EFF ONE

Several of the Americans whom I met on Sunday night in Indianapolis felt that coming to France for the next race, although an insufficient punishment, was definitely a suitable initial penance for Formula 1 to make for the US GP fiasco. Another penalty suggested by one of my colleagues was that all the F1 teams should be made to run an American driver for the rest of the season.

America's anger with Michelin over the Indy thing is part of a greater dislike of all things French, even though I got the impression the majority of the Indy crowd might have difficulty locating France on a map of the world. Most American tourists fall in love with Paris, but leave in a huff when they realize the Parisians are far too "snob" to return their affection. Of course the picture was different 60 years ago, when the French were only too happy to see the American armies stop to allow the French troops to catch up so that they could be seen to liberate Paris.

What really riled the Americans was when the Froggies refused to join in when various American Presidents decided to go in for a bit of Desert Dictator Bashing.

The phrase "cheese-eating surrender monkeys" soon passed into the American language as a description for citizens of the "hexagon" as France calls itself. To this, we can now add, "cheese eating, tyre shredding surrender monkeys." I admit I used to think American politicos and military leaders were a humourless bunch, but their row with France proved that they are capable of delivering a killer pun when required. General "Stormin'" Norman Schwarzkopf on hearing the French military would not back him up during Desert Storm, shrugged it off with: "Going to war without France is like going deer hunting without your accordion."

When President Chirac excused his nation from turning out on parade by saying that, "as far as I am concerned, war always means failure", Rush Limbaugh responded, "and as far as France is concerned, you're right."

What the Americans failed to realise is that they could easily have persuaded the French army to head for the Middle East by spreading rumours that truffles had been discovered in the oil fields of Iraq or by leaking stories of a fabulous collection of Impressionist paintings found in a museum in Baghdad. The French love food and culture above all else, whereas us Brits think truffles are chocolate and Impressionists are people who mimic celebrities on television. While France has La Comedie Francaise, the English have the Carry On films and when football star Eric Cantona named his favourite author as the poet Rimbaud, the English thought he meant a character played by Sylvester Stallone.

Sadly, Magny Cours seemed to manage to miss out on all things that make France tolerable. One can get decent food and drink, but it takes some finding. As for the accommodation, if you see F1 folk frantically scratching themselves in the morning, it is because of all the bed bugs in the horse-hair mattresses. Hell, when you've eaten the meat, you might as well use the coat as well.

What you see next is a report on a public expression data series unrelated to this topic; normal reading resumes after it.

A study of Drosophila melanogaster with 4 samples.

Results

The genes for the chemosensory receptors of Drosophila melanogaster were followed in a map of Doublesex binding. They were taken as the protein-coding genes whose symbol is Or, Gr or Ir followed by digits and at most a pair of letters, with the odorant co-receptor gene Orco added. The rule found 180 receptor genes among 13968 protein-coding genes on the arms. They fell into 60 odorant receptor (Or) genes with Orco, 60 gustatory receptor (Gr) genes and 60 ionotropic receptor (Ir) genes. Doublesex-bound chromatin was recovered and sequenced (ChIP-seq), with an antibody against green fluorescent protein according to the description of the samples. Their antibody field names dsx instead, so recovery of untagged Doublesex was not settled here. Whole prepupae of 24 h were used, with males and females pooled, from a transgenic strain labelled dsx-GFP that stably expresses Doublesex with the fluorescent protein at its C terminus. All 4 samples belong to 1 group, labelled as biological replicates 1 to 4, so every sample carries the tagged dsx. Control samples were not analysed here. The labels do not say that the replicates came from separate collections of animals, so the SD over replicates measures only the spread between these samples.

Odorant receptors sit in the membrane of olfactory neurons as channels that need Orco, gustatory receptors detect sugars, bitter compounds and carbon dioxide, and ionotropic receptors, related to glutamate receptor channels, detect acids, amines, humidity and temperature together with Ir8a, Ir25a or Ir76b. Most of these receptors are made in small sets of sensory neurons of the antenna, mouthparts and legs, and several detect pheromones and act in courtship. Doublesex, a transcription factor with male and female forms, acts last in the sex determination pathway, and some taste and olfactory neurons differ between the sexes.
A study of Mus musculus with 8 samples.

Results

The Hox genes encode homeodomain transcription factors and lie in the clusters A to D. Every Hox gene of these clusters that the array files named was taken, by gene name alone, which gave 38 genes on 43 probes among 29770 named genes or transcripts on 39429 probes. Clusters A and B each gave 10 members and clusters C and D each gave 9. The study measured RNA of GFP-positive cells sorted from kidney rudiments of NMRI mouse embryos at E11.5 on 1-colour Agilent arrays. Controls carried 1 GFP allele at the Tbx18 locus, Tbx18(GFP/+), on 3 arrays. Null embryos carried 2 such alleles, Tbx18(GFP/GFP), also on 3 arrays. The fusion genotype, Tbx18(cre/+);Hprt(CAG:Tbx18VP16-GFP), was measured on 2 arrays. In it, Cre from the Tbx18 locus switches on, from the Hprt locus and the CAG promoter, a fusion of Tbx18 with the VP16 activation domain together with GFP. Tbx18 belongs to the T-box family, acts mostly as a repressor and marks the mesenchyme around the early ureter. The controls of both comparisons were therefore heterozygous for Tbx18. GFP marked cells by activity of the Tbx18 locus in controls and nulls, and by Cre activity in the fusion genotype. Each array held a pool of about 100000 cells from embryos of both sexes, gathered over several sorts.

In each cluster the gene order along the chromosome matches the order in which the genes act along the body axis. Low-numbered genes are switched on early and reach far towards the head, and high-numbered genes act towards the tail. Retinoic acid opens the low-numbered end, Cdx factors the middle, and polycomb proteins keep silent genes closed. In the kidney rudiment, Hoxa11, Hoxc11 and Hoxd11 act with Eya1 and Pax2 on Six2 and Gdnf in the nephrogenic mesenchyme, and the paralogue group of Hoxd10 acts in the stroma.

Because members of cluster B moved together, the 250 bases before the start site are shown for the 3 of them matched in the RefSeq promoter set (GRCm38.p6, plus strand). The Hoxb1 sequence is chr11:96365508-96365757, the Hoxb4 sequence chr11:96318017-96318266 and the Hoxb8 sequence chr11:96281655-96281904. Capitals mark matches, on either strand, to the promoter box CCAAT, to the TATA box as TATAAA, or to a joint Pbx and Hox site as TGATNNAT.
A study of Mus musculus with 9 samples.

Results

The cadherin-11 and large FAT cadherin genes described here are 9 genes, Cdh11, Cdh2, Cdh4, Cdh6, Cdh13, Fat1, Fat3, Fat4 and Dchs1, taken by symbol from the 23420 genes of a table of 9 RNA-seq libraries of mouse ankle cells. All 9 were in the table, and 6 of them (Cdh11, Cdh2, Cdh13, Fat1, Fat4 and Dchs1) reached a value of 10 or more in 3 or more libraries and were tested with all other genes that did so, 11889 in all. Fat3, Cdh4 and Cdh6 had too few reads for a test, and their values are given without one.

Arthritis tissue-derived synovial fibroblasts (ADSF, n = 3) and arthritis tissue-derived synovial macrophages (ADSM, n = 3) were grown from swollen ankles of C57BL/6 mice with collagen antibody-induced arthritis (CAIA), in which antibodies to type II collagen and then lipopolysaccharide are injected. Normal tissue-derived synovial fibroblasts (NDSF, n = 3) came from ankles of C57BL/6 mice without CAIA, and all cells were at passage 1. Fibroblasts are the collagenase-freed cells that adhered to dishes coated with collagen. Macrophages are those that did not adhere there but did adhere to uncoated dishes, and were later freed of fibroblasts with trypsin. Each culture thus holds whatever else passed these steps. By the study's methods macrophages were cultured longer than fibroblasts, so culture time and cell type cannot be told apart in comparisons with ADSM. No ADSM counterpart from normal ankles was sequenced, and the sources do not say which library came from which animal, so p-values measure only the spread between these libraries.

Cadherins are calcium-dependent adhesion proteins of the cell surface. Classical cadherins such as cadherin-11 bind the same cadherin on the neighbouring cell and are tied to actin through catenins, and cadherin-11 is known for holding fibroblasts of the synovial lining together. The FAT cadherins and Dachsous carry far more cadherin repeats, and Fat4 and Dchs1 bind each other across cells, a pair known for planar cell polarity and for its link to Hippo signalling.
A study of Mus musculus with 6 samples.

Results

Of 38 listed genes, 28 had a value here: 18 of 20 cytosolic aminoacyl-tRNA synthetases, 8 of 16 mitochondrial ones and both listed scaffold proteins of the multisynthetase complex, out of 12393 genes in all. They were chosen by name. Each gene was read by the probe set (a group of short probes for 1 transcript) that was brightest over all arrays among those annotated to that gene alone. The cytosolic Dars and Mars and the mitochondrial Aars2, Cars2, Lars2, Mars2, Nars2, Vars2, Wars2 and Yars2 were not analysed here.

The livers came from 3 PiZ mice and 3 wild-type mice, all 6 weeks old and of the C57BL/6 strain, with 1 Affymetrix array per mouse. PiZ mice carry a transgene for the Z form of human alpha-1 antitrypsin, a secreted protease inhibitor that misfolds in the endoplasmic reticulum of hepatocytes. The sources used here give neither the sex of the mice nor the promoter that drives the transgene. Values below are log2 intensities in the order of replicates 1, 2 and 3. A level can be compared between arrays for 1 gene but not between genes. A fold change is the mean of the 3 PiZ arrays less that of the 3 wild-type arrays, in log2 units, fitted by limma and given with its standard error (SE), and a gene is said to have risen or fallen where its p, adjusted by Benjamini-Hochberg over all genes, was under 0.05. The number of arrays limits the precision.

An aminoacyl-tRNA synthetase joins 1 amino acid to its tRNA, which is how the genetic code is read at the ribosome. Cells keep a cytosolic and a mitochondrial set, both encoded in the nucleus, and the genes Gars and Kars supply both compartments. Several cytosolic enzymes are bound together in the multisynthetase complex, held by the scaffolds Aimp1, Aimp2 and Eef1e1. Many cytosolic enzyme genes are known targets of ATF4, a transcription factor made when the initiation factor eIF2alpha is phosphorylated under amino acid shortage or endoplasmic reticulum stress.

And if you see race engineers sporting Afro hairdos in the Magny Cours paddock, they are not making a fashion statement, they simply failed to spot that the shaver socket in the bathroom was handily placed under a leaky water pipe. This year the Jordan team beat all records when it comes to hotel problems, as their hostelry was shut because of an outbreak of the dreaded Legionnaires Disease. This is a serious bug which gives you an irresistible urge to wear a hat with a handkerchief stuck up the back and change your name to Beau Geste.

On Friday morning, I had my own "crise d'hotel" when I woke up to find my shower had voted "Non" to hot water. It transpired that the previous night's storm had dealt a knock-out blow to the geriatric generator and my chateau was plunged into the darkness of the eighteenth century from whence it came. No electricity meant no coffee, so I was desperate to get to the track for a restorative breakfast and this is when things really took a turn for the worse. Despite the fact our hotel could have been used as the set for "Les Liasons Dangeureuses," an educational film about the dangers of dodgy electrical wiring, it boasted electronically controlled gates.

You've guessed the rest, haven't you?

Coulthard and Button were just glad to be alive in Magny Cours given they had a near death experience when they had to make an emergency landing in Madrid on the way from Jerez to the UK. It turned out to be more faulty wiring, this time on the coffee machine on the plane. If they could have found the technician who installed it, the drivers would probably have decapitated him, or should that be decaffeinated?

Anyway, all's well that ends well, as I gather Air Traffic Control gave them immediate clearance for an espresso landing.

Speaking of dogs, on a slow news weekend, the alleged "dognapping" of Ralf Schumacher's Chihuahua "Scoopy" was the talk of the paddock, but what I cannot understand is why F1 drivers have this fascination for tiny dogs? "It's all very "Cages aux Folles," darling.

Poor old Ralf doesn't have much luck with canines. A few years ago, I interviewed him at a film shoot and he had a beautiful German Shorthaired Pointer dog with him, known in the doggy world as a GSP. Alas, I gather that this dog went to an early accidental grave. Did it go to dog heaven, where lampposts can be found on every cloud? And did its soul look down abd speak to Ralf?

Don't ask me. I've never been very good at the metaphysical.

In fact, at school I cheated in my metaphysics exam by looking into the soul of the boy sitting next to me.